This guest post comes from Michael Delgado, the Social Media Community Manager at Experian.
He works to promote financial literacy on Experian social channels and writes for the Experian blog. He can be found on Twitter @mikedelgado.
Nobody is exempt from making a credit mistake.
Just last month, I forgot about a bill for an old credit card that I rarely use. Yep, I’m the guy sharing articles on social networks about ways to improve credit — and I forgot to pay a credit card bill on time.
Thankfully, my wife caught my mistake early and we got the bill paid one day late. And, thanks to ideas and articles by Ramit Sethi, I was able to get the $15 late fee waived a few days later.
I called the credit card company the moment I found out the bill was late to see if my late payment would be reported to the credit bureaus. I was relieved to find out the company has a 60-day grace period before reporting late payments to Experian, TransUnion and Equifax.
I’m happy that my credit history is unharmed, but embarrassed about missing a simple payment. All of this has me thinking about other credit mistakes I could be making.
Here are four common ways we can damage our credit (and what we can do about them):
1. Not paying attention to your credit utilization rate
“Your credit scores are impacted by the amount of debt you owe on your credit cards in comparison to the credit limit you have on those cards. This is referred to as your credit utilization rate, which makes up roughly 30% of your credit score,” says Maxine Sweet, vice president of public education at Experian. The higher your credit utilization, the more likely your credit scores will suffer — simply because it signals too much debt with not much open credit to carry you through an emergency.
To calculate your credit utilization rate, simply divide your credit card debt by your credit card limit and then multiply by 100. For example, if you owe $4,000 on a credit card and have a credit limit of $10,000, you would have a 40% utilization rate. Your debt is the amount showing as your balance on your statement, even if you plan to pay it in full.
To ensure you’re not hurting your credit scores, you want to make sure your total credit utilization rate is under 30% when you total the balances and limits on all of your revolving credit accounts. The lower your credit utilization rate, the better off you’ll be.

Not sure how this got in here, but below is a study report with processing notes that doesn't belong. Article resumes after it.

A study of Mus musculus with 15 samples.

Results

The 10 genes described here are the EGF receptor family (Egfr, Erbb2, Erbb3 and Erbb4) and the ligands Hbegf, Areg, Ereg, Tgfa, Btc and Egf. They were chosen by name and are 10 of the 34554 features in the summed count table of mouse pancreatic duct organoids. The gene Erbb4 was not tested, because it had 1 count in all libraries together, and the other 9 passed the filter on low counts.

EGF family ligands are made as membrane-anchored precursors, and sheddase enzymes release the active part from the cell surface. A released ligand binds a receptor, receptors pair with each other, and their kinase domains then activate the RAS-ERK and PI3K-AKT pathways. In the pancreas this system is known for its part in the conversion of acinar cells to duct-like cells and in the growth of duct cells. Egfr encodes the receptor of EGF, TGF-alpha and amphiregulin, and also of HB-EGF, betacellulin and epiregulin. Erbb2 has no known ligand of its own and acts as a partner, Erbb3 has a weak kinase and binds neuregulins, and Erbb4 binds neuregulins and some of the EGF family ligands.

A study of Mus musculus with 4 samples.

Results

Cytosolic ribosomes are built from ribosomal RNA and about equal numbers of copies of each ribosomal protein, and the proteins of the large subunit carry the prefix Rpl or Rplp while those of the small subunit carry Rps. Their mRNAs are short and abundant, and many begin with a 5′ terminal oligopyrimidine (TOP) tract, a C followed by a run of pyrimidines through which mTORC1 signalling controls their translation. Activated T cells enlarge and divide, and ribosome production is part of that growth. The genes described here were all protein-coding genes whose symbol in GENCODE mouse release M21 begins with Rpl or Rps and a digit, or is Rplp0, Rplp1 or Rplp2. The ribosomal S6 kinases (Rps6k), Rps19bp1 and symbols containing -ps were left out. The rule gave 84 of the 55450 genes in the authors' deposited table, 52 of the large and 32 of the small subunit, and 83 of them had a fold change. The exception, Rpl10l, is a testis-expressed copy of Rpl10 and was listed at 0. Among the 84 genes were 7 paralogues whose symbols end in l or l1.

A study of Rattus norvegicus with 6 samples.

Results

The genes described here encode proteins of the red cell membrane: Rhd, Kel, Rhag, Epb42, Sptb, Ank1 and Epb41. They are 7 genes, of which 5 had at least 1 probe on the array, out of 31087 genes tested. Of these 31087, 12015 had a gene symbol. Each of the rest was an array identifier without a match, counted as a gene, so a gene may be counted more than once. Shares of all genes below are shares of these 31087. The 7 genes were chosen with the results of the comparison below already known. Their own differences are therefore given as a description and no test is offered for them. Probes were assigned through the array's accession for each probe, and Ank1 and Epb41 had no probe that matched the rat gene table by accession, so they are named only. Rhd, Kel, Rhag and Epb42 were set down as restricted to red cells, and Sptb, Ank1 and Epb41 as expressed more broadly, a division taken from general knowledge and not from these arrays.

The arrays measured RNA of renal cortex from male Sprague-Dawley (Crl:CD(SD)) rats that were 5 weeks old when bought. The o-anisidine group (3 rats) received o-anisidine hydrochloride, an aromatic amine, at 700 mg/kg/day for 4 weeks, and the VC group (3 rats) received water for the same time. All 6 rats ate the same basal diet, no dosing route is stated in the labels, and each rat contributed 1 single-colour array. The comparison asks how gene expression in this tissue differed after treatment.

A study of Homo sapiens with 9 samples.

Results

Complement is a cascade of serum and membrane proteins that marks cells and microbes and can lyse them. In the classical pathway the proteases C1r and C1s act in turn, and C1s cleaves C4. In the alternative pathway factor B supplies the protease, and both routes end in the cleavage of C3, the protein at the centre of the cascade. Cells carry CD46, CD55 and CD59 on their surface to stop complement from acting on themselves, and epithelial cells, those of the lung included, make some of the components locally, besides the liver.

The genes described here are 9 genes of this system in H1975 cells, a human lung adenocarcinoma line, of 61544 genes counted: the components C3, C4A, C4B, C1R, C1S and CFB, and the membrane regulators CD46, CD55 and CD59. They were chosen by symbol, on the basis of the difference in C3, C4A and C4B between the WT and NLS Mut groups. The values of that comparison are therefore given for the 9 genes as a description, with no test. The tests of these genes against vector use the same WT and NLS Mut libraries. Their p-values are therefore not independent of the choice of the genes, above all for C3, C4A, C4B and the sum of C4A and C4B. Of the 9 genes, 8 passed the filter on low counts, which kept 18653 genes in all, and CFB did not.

2. Forgetting to pay or not paying debts as agreed
It’s easy to forget to pay a credit card bill on time, especially when life gets busy. However, missed payments that get reported to credit bureaus can really hurt your credit scores. “Your payment history makes up about 35% of your credit scores, which is why missed payments can have such a severe impact,” Sweet says.
Missed payments mean that you’re not paying a lender as promised. It also means not only is it risky to let you use their money, it’s also expensive because lenders have to pay the merchants before they receive your money. That’s why it’s crucial that you track of all your revolving credit lines and ensure that any owed money is paid monthly.
And don’t forget to check the credit card statements on ones you don’t use much (like I did). You never know when a charge might appear.
Get in the habit of checking all of your bills and setting reminders on your phone or online calendar so you always know when bills are due. And if you ever miss a payment, call your lender right away to let them know what happened. Many times, credit card companies don’t report missed payments until 30 days after the due date.
3. Closing down old credit cards with great credit history
I know you might be tempted to close your oldest credit cards because you don’t use them anymore, but those credit cards could be benefiting your credit scores a lot. They provide data on how long you’ve been using credit — and how often you paid your bills on time. Open credit accounts with no balance can also help your overall utilization ratio.
“A closed account will not score as positively as an open account because you are no longer demonstrating management of that credit line. And, your credit history on that card will get deleted after 10 years. Both of which could have a negative impact on your scores,” Sweet says. It’s best to keep that card active, and continue to benefit from the credit history on your old cards.
4. Not auditing your credit reports throughout the year
We need to keep watch on our credit reports to make sure lenders are reporting accurate information.
Credit bureaus like Experian, TransUnion and Equifax provide the service of collecting, storing and updating credit account data reported by lenders so that your credit references are instantly available when you need them. Most of the time, data reported is accurate — but mistakes can happen and fraud can happen. This is why we need to regularly check our credit files to make sure all accounts are accurate and no fraudulent accounts have been opened in our names.
“You can get your free credit report from each credit bureau once a year through AnnualCreditReport.com or by calling 1-877-322-8228,” Sweet says. This means you can rotate your requests and pull one credit report every four months to keep tabs on how your accounts are being reported.
And if you spot any inaccurate information, you can use the credit dispute apps for the credit report that you reviewed: Experian, Equifax or TransUnion. If your lender responds with a correction, that lender will also automatically notify the other companies it reports data to and all of your reports will be corrected.